In this peculiarly vivid dream, Saddles remembering being wryly amused by the irony of such a situation — and then the dream took on another mind-boggling direction.
Dressed in the pink and blue of Lampre and coughing his guts up while trying perform a capella alongside Frank Zappa and in the presence of Barack Obama, Michele Scarponi invaded the recesses of Saddles' sleeping mind.
Suddenly, Obama put his hand up and interrupted the unlikely performance. "Michele: two questions," Obama said. "Does Frank actually like you and are you a bit under the weather?"
After a very long silence, Scarponi replied: "Yes, I am Zappa's hero and ill, Presidente."
Saddles then woke up and — despite this being right up there in the bizarre dream stakes with its nocturnal visions of a sequinned Christian Prudhomme declaring Cadel Evans's chin a second category climb — thought nothing more of it.
Until, that is, Saddles really did go online and saw that Italian stallion 'Zapatero' Scarponi had risen to fourth place in the IG Pro Cycling Index in the wake of Alberto Contador's recent ban.
Needless to say, Saddles almost choked on his cornflakes — in the same way it swallowed tea into its lungs when learning of Francisco Mancebo's recent ousting of Jan Ullrich on the podium of the 2005 Tour, or, for that matter, Scarponi's own retrospective triumph in last year's Giro.
Scarponi, one of the few riders whose results have actually got better since being busted for drugs, must be feeling rather sheepish about the whole thing. It seems 'Il Presidente' can do no wrong this year: he's yet to put his feet in the pedals but is already racking up numerous wins and accolades.
'But what's the IG Pro Cycling Index?', you say. Like most, Saddles isn't really sure. It thinks it's a kind of convoluted ranking system of riders that seems to run on an annual, rolling basis. From what it gathers, points from 120 top international road races (plus the Tour of Britain) are awarded to riders throughout the season, with the time frame always going back 12 months.
So, for example, Sky's Chris Sutton holds maximum points from Kuurne-Brussels-Kuurne, which he won last year, but may lose all those points on Sunday if he finishes low in this year's edition, and therefore would descend the rankings a little. Whoever takes the win (and placings) will pick up points and the table of the professional peloton's top 200 riders will alter accordingly.
As such, last year's big winners — Philippe Gilbert, Cadel Evans and Joaquim Rodriguez — are still the top three riders, even though none of the three are yet to put in any distinctive performances in 2012.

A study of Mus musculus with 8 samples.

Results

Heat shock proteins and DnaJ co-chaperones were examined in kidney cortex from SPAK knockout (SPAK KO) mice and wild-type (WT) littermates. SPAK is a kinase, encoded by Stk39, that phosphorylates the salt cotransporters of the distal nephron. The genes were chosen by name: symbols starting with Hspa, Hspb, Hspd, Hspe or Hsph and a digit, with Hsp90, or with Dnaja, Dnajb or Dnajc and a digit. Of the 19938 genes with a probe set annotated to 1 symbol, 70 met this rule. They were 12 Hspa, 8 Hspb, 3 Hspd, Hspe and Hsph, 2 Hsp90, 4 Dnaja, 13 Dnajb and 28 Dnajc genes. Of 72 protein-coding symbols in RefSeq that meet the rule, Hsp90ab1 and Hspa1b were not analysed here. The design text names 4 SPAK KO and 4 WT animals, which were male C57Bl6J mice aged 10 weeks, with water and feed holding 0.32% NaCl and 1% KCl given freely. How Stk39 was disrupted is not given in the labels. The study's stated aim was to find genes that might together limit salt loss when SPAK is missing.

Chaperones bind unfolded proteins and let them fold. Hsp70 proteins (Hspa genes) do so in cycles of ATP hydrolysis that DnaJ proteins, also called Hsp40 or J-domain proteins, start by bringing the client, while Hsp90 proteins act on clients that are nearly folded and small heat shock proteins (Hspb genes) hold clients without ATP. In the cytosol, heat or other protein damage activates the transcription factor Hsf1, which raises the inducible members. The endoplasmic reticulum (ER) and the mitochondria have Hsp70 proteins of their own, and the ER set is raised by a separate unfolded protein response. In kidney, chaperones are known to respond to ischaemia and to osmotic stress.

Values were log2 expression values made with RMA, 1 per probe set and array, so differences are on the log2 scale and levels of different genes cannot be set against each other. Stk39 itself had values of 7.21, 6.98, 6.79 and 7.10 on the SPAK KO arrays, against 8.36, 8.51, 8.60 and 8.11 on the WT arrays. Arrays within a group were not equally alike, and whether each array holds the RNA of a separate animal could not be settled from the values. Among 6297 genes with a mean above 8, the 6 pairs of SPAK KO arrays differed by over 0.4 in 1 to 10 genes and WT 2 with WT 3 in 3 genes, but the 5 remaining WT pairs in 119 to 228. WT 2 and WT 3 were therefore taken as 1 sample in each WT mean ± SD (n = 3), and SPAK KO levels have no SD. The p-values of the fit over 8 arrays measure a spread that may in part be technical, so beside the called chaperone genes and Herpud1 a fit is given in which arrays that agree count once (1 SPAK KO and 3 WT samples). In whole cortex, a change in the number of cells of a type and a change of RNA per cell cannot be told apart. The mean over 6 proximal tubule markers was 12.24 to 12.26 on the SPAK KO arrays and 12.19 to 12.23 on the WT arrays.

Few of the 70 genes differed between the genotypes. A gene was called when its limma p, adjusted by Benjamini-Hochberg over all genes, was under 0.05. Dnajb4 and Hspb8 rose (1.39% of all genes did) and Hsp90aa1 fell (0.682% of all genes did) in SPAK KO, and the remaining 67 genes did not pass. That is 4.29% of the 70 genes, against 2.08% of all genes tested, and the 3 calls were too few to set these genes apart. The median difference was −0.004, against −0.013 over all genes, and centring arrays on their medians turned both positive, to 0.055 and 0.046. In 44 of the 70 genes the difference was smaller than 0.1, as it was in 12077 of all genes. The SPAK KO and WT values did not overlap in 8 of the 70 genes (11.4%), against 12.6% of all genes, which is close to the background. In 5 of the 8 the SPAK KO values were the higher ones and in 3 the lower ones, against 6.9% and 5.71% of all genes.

Interestingly, two of this season's most successful riders — Spain's Alejandro Valverde and Briton Jonathan Tiernan-Locke — have yet to break into the top 200. Movistar's Valverde added a Ruta del Sol stage and overall title to his runners-up medal and stage win from the Tour Down Under this week, while the unheralded Tiernan-Locke has scored back-to-back wins in the Mediterranean Tour and Haut-Var.
But with Valverde missing the whole of last year through suspension, and Endura Racing's JTL impressing only in the Milk Race, neither rider has amassed enough digits to join the 200 leaders.
There are a couple of decent things about the IP Pro Cycling Index, it has to be said. For instance, there are separate rider rankings for the amount of kilometres and days raced. Indeed, who would have thought that RadioShack's Jakob Fuglsang would top both tables, with 100 days raced and a whopping 16,063 km in the saddle, despite being just 58th in the main index?
It must be a Danish thing: while no other rider has broken three figures when it comes to days raced, Fuglsang's Danish compatriots Nicki Sorensen, Lars Bak and Chris Anker Sorensen come close, with 90, 90 and 96 respectively.
Glancing through the table provides much scope for oo-ing and ah-ing. Biological passport alarm bell Davide Rebellin of Italy has raced just 11 days and 1984 kilometres, and yet still sits one point and one place ahead of Spain's Luis Leon Sanchez, who's spend a whopping 89 days and 14,234km in the saddle - clearly not doing very much.
The rider with the best points-to-days/kilometres ratio is Evans, proving the misleading nature of the whole system: one day in the yellow jersey can make you the second most consistent rider of the year, despite just 55 days and 8490 kilometres turning pedals. (You see, the important races such as the Grand Tours have more points up for grabs than mere run-outs like that newspaper loop blad thingy in Belgium.
But the table certainly doesn't lie when it comes to the undisputed leader, Gilbert. The Belgian all-rounder has almost 3,000 points more than second-placed Evans — which is basically the entire total of points clocked up by world champion Mark Cavendish, who lies in fifth.
Another interesting observation Saddles made from wasting away a day looking over a list of 200 riders - while trying to find something vaguely humorous to type - was this: the index must not be taken at face value because there are clearly some glaring errors.
Take the Schleck brothers' entries, for instance. While Saddles agrees that both brothers may have posted slightly different results over the past year (Frank is six places higher than his younger sibling Andy) someone clearly can't do their maths because it says the former has ridden 68 days and 10,787km in the past 12 months, whereas the latter has 73 days and 11,307km.
Saddles is confused: how can Frandy have different totals here? They share the same schedules and they ride races pretty much shoulder-to-shoulder. They are, in short, the embodiment of that Spice Girls song, 'Two Become One'.